The death of transgender activist and Kerala’s first transwoman radio jockey Anannyah Kumari Alex has kicked up a storm with the community members alleging medical negligence and even suspecting whether it was indeed a case of suicide.
Anannyah was found hanging at her apartment at Edappally on Tuesday evening. The Kalamassery police have registered a case for unnatural death inferring it to be a case of suicide.
The transgender community staged a protest in front of the hospital, Renai Medicity, on Wednesday where Anannyah had undergone Sex Reassignment Surgery (SRS) a year ago and subsequently developed complications.
“Anannyah should receive justice. The medical negligence on the part of the hospital definitely contributed to her death. I find her death mysterious. She was too strong-willed a person to opt for suicide,” said Sruthi Sithara, a transwoman and a close friend.
Nadira Mehrin, another transwoman, also felt that the victim was not the kind to end her life. “The emotional trauma caused by the post-surgery complications definitely played a role,” she said.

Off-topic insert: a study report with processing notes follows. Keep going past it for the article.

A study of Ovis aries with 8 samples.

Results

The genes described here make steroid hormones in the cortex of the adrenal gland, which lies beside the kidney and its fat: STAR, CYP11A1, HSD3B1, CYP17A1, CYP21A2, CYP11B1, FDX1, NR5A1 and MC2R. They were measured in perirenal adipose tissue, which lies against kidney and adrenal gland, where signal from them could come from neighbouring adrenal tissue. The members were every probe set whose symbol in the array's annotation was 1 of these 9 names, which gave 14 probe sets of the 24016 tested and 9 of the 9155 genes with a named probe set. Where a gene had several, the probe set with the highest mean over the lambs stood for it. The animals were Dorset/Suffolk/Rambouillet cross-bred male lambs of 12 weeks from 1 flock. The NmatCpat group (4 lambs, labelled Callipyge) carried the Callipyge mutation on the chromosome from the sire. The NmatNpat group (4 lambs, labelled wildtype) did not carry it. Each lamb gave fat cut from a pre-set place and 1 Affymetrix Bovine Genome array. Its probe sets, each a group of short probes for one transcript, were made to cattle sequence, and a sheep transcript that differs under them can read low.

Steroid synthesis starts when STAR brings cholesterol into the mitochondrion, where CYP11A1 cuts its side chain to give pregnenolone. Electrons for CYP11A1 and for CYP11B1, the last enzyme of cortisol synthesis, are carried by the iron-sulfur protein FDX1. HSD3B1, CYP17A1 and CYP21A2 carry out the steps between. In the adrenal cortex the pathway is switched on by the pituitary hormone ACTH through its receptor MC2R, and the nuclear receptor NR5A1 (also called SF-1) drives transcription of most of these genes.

The post-mortem, which was originally scheduled for Wednesday, was postponed after the community members backed by the victim’s father petitioned the Kalamasserry police demanding it to be conducted only by a medical panel of experts.
“I had spoken to her three weeks ago when she shared her physical problems and hardships on account of joblessness,” said Anannyah’s father S. Alexander.
Another petition was filed with the Palarivattom police demanding to stop SRSs at Renai Medicity alleging that the complications caused by medical negligence led to the death. The police, however, said that they are not authorised to issue such directions.
Meanwhile, the hospital issued a statement absolving its team led by doctors Arjun Asokan, who performed the surgery on the victim, and Madhu of the Renai Centre for Comprehensive Transgender Health, of any medical negligence.
Shortly after the surgery, the victim developed intestinal obstruction, a known SRS complication, and a procedure was done to address it. She was subjected to the surgery after weeks-long counselling about potential complications and securing her consent letter.
She was satisfied about the treatment at the time of discharge and complained only 6-7 months later about the surgically implanted body parts and some urinal problems. Another surgical intervention was recommended to correct those issues and she was convinced of such follow-up treatment.
Later, she, however, complained of medical negligence and sought a huge compensation. However, a medical board looking into the issue on her own demand ruled out any medical negligence, the statement said.
“The hospital management was willing to part with her medical documents to help her seek legal recourse. The management was also willing to help with her follow-up treatment considering her financial state but declined her other not legally-binding demands,” claimed the hospital.